The first thing that you notice at the Appleton Rum factory is the smell of fermentation. It reminded me of our days standing on South American docks, where spilled grain unloaded from cargo ships was left to rot in the baking sun. Its not a pleasant smell, but one that reminded us that we were about to begin a tour of an active distillery and learn a little about how Jamaica’s most famous rum is made. This is really the only organised, touristy thing we’ve done in Jamaica, but everyone recommended it for the free-flowing rum, the hospitality, and the copious amounts of food they share to keep you from passing out in a drunken heap! The party started early at around 9am with a drink steward handing out rum punch and sandwiches on the bus at the start of our 2.5 hour trip from Kingston to St Elizabeth Parish on the island’s south coast. 9am was a bit early for me to start on the rum!
The approach to the Appleton estate is through a fertile valley where they grow acres of cane sugar, right next to the factory that distills the rum today. Watching workers in the fields, it was not hard to imagine a very similar scene being played out two hundred years ago, back in the dark days of Jamaica’s colonial past.
Little of the dark side is covered by the tour and the plantation house has long gone, but a few artifacts remain on the estate from past days: vintage delivery trucks, hand-carved grinding stones, and this little donkey who demonstrated how cane juice was once extracted:
I’d already had a little sip of rum-laced coffee by the time we got to the donkey. Standing there in the blazing hot sun, I was immediately dizzy and glad that I didn’t drink anything else on the bus. Next we moved onto his modern counterpart—large industrial cane grinders and storage bins where the juice is extracted and stored before move on to the distillers.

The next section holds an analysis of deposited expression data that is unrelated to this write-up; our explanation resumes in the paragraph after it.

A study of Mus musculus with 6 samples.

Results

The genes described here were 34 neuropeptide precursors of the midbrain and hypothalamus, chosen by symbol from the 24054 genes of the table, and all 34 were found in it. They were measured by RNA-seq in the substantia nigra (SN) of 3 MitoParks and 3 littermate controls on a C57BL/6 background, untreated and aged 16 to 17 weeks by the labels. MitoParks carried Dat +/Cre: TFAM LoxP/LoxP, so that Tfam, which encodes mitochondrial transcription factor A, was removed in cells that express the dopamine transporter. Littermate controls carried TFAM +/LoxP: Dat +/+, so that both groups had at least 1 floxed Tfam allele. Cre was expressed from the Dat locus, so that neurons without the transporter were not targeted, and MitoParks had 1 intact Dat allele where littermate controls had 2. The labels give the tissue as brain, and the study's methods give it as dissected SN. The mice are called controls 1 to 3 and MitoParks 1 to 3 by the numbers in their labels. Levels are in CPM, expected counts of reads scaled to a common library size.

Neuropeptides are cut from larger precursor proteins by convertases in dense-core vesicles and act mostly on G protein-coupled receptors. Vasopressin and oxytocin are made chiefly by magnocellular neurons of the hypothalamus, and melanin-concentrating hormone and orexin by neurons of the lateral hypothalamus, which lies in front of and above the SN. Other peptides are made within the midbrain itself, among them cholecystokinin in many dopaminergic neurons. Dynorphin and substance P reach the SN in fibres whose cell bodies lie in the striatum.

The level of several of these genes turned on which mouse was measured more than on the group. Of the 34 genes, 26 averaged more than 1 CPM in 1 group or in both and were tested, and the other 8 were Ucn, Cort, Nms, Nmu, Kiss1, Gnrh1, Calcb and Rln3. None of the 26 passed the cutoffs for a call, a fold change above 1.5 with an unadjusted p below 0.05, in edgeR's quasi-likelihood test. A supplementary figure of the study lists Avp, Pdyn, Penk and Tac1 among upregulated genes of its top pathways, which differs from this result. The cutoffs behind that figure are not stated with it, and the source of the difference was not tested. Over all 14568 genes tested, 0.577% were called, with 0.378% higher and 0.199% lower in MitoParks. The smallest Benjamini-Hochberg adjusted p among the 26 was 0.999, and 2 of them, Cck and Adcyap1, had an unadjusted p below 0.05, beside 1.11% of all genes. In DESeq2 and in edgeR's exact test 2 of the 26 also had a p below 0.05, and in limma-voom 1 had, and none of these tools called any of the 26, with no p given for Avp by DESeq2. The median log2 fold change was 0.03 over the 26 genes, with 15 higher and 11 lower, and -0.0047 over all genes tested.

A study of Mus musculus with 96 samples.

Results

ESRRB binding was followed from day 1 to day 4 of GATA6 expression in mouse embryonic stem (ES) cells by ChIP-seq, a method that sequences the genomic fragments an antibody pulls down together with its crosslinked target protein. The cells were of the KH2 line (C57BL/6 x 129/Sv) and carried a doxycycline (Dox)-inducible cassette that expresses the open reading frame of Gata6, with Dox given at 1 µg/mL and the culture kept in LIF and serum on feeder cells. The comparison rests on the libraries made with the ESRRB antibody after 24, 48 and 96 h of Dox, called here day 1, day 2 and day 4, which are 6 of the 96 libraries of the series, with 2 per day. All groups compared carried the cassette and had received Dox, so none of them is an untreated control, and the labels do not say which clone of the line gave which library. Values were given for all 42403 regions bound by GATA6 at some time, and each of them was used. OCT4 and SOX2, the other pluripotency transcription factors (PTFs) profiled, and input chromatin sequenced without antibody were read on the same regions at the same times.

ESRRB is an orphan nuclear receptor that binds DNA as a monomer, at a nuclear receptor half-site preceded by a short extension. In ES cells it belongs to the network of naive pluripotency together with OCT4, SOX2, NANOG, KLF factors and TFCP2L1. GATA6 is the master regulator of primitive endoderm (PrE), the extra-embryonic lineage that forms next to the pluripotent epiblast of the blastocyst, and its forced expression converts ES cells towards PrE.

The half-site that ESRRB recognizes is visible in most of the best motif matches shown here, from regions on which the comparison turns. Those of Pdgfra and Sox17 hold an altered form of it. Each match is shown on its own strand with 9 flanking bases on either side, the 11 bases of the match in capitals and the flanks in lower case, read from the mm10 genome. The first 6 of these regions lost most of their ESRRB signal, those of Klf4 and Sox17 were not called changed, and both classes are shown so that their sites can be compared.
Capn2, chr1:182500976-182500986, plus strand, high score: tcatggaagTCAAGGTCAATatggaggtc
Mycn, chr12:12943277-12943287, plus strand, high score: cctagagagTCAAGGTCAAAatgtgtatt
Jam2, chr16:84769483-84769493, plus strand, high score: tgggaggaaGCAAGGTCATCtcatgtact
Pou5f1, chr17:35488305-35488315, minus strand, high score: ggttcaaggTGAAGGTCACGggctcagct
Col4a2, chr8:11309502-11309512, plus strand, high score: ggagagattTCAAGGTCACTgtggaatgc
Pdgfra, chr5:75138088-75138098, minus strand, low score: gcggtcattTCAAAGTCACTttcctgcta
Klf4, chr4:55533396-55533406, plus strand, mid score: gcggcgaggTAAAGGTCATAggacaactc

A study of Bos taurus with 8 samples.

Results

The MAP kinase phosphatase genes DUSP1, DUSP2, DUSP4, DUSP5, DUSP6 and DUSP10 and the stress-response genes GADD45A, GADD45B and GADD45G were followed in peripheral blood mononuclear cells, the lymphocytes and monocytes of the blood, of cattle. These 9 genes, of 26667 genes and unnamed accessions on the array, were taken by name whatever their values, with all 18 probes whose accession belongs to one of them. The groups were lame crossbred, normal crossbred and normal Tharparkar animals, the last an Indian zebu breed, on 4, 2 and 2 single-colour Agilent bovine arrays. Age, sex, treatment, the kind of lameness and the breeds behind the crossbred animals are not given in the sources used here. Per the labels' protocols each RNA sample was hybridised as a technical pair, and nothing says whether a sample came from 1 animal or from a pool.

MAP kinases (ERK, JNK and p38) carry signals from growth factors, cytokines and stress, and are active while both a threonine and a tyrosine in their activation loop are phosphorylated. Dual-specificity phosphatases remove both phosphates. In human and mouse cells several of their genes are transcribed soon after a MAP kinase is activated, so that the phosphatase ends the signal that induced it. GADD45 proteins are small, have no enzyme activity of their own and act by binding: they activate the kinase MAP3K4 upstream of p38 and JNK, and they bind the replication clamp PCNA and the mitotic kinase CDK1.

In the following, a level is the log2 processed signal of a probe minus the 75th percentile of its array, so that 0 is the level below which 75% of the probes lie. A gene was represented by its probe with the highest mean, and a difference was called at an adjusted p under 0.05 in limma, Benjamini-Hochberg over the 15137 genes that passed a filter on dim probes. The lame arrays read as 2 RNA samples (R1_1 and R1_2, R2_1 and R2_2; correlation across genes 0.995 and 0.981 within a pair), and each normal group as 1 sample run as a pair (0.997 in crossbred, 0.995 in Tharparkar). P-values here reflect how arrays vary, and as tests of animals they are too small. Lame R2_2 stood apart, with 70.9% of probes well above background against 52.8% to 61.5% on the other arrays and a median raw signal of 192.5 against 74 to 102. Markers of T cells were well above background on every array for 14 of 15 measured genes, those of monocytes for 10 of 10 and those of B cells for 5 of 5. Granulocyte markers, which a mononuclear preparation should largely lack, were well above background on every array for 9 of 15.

Next door in the distillery building it was burning hot, which is probably why I forgot to take photos. Here the juice is boiled and, via a condenser, the steam is collected as clear alcohol. The rum then goes on to be stored in barrels to age.
After the rum production tour, we went inside to learn more about the artistry of rum-making and to taste different blends. This, of course, was the best bit, especially as we had already had two rounds of carbohydrate-heavy meals on which it could land. I found the youngest rum undrinkable — rot gut, really — but its the cheapest and understandably the most popular. The vintage blends of more than 12 years, were more for sipping and too cloying for me. Fortunately, I found I liked the regular reserve the most, the rum that we have been drinking all along.
They then served more food and more rum before we staggered to the bus. Not everyone had been as conservative as me, and enthusiastic, drunken karaoke belted out from the back of the bus for the ride home. They had a good time and so did we, although I probably had a better morning the following day! Appleton did a great job of hosting and I highly recommend the tour if you ever come to Jamaica.*
*At the current time of writing the distillery is closed to the public until November 2017 for extensive renovations.